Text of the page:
Miranda July

Considering the countless ways a film can be ruined at any step of the process, it's always a minor miracle when one perfectly realizes its creator's unique and uncompromising vision. The transcendent new Me And You And Everyone We Know is one such anomaly. It's a touching, poignant comedy about the alienation of contemporary life and the universal need for meaningful connections, and it announces writer-director-star Miranda July as a major new voice.

The winner of a special "Originality Of Vision" jury prize at Sundance and a multiple award-winner at Cannes, Me And You is July's feature-length directorial debut. But she's been working in a variety of media for years, from video-performance pieces to short stories to albums. In addition to her own films and videos, July scored a story credit on Wayne Wang's The Center Of The World and appeared in the cult favorite Jesus' Son. The A.V. Club recently sat down with July to discuss her relationship with the art world, Me And You And Everyone We Know, and the cathartic nature of making stuff up.

The Onion: So if someone on an airplane was to sit down next to you and ask "What do you do?", how would you answer that question?

Miranda July: It's funny, because I've been on an airplane and have been very brief about that. Right now, it's so convenient to just say, "I'm a director," because everyone knows what that is. And for so long, I had to say, "Well... I perform," and then they're like, "Oh, so you're a dancer? Or a singer?" And I'm like, "No, I do these multimedia performances, and it's kind of like a play, but I'm all the characters, but it's like a movie because there's video in it." Then I say, "But I also make short movies, and I also write short stories and do radio pieces." By that point, they're intrigued. So it is kind of convenient to say, "I'm a filmmaker." You know exactly what that is.

O: How did Me And You And Everyone We Know come about?

MJ: I was [in Chicago] in June 2001, and I did something at the Art Institute... I got on the el train, and I had these sudden quick thoughts about the father and his two sons, and the lighting his hand on fire, and the art curator and the artist, and the shoe store/department store... I got off and thought, "Okay, this is my first feature." And I hate to have ideas and not do them. So it was kind of just in announcing that to myself that it was as good as done.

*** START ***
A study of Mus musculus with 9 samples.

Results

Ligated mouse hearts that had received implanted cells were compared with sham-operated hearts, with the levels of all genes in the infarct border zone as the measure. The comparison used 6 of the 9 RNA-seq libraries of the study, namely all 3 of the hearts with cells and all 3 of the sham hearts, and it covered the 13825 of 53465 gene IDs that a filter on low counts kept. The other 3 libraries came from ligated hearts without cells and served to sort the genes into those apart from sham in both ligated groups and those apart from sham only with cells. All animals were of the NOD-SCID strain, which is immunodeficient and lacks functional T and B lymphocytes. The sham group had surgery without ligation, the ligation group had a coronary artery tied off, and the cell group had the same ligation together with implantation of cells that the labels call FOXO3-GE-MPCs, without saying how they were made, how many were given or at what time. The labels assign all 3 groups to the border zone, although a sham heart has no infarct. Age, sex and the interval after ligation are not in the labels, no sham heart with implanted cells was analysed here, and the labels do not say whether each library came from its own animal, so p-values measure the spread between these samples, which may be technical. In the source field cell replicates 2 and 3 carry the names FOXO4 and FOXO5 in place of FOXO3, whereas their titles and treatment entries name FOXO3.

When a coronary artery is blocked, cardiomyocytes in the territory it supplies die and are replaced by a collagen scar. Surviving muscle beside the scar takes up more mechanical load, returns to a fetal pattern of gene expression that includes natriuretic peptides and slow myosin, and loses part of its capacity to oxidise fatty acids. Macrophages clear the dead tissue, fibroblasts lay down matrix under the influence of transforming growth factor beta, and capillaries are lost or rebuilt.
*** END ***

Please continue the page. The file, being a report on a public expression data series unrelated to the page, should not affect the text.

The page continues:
O: Was the idea always that all these characters would be connected?

MJ: Yeah, I began to realize the more they actually connect, the more interesting it is. It was very much learning as I went along. Even the structure... I remember when I was at the Sundance lab, someone telling me gently that you didn't have to put the characters' names in all caps all the way through. I was like, "Oh, okay... how embarrassing." But you're, like, an Academy Award-winning person and you're telling me that?

O: What do you view as the film's major theme?

MJ: Hmm, I don't know.

O: It seems like it's essentially about the difficulty of forging connections in a society where technology alienates people as much as it brings them together.

MJ: I think technology, to some degree, reflects us, and people with and without technology are both propelling themselves toward people and stepping away from people in the same action. Almost everyone does that in the movie, and they both kind of want someone, and create something that stands between them. My character, Christine, when she projects the fantasy "Wild dogs couldn't drive me away from you..." That's a kind of fantasy standing between her and reality, and just the way the Internet kind of does that for the other characters, with signs in the window.

O: While you were filming, were you living in the story, or was it something you could film and then go home at the end of the day?

MJ: I'd go home. I wouldn't put it all away, I wished I could. It's weird, I mean, being in it was physically quite hard for me... This was brutal, you know? Why would anyone live on this schedule if they didn't have to? So I'd come home, and there'd be at least a scene with me in it, and so I'd have to shower and put my hair how it had to be. It's weird not just getting to fall apart as the director; I have to be ready to be in my character.

O: How similar are you to the character you play in the film?

MJ: Sometimes I look at it like, "Christine probably couldn't have made this movie." That's probably the biggest difference between us. She's maybe me at a time in my life where...

O: Do you think she aspired to make a movie like this?

MJ: Yeah, maybe in a few years. It was so clear to me at one point that art was just there for me to survive unbearable feelings. And yeah, there was a comfort, and to kind of propel me toward. She probably thinks on some level, "Maybe if it was in the museum, he would see it." Of course, all those desires are good things to propel you, but ultimately, the art doesn't actually draw you closer to people, more people just know that you exist.

O: It also seems like art is a way of making sense of the world...

MJ: My latest funny thing to think—I'm the kind of person that is always like, "Wow, well, that was a coincidence, what does that mean?"—and instead to think, "Maybe it means nothing." That's a really radical idea for me, and I don't actually believe it, but it's just fun to try that on.